You Am I guitarist
almost walked away
guitar was all Andy Kent had ever wanted to do but he nearly
passed up the chance to join one of Australia's most successful
rock bands of the last decade.
The You Am I bass player is pretty glad his mates convinced
him to say yes.
You Am I is one of the nation's
most enduring and esteemed rock acts after six studio albums,
international tours and a host of accolades including seven
ARIA awards from 23 nominations.
But their existence could have been very different if Kent
had decided to follow his chosen career in sound recording.
Speaking to AAP as the band returned
home to Sydney for concert dates promoting their latest
album Deliverance, Kent said it had been a tough decision
to join the band.
"The band had just started, played a few gigs, and
they went to Melbourne for the first time - they left Sydney
and that was a big deal and I went down with them to do
sound," he recalled.
On the trip, Kent and band frontman Tim Rogers clicked.
"Me and Tim got on pretty well
straight away, we started playing music together and he
said "Hey, do you wanna join the band?"
Now with the benefit of a crystal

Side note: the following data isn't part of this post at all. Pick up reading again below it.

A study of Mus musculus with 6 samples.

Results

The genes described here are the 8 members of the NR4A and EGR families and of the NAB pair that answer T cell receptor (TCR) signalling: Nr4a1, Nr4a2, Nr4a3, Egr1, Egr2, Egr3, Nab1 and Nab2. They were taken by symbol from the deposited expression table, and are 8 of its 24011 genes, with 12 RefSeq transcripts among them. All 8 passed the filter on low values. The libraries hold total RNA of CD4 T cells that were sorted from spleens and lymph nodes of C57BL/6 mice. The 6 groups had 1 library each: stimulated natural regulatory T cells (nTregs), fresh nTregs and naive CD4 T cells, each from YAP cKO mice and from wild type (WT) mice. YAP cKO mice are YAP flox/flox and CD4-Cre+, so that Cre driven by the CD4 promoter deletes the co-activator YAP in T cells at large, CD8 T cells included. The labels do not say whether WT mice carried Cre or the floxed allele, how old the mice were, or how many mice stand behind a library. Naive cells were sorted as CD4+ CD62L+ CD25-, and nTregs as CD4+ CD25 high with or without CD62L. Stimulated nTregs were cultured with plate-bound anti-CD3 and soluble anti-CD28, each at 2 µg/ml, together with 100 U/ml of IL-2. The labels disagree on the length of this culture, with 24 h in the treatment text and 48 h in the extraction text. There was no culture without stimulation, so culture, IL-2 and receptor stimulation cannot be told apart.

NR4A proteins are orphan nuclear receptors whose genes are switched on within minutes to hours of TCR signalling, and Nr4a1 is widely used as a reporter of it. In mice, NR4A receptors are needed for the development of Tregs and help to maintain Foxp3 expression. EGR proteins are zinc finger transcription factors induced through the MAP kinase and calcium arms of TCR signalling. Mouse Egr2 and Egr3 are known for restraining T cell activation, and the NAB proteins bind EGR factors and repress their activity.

ball, Kent might not have stalled.
"I wasn't going to.
"I was sitting at home in Redfern, flatting with some
mates and I came home and said, 'They want me to join this
band.' They said, 'Oh, what do you reckon?' and I said,
"I don't know if I want to do that.'
"They just said, 'you idiot' and so I did."
And he still never lives it down,
with one friend constantly calling on Kent to buy him beers
for coercing him into the best move of his career.
"My friend Simon, almost every time he sees me he goes,
"You almost didn't do it; If it wasn't for me, rah
rah rah, you owe me a beer" so I have to buy him beers."
For a band like You Am I, it's mildly
insulting hearing the current media tag-line "rock
After all, as true fans know, it never went anywhere.
"It never goes away, a flame is just taken up by a
different part of the world," Kent said.
"It's just that every now and then, (the industry's)
oversaturated, so someone else out there picks the baton
up," he said.
The ever-evolving You Am I has also
been impacted by the rock explosion, having recently returned
from concerts in the US supporting New York rockers The
But there's nothing like performing to an Australian audience
of die-hard fans, particularly at the summer music festivals,
Their current national tour ends
with a spot at the all-Aussie rock festival, Homebake.
And the band's sure to be in the form that gave them their
cult-like live following after weeks playing sets of their
old favourites and new hits.
"We're very much looking forward
to it," he said.
"There's nothing worse than doing a whole tour and
ending up in some tiny town somewhere where there's nothing
to do after the show and you end up cooped up in a hotel
going, `Well, that was interesting'."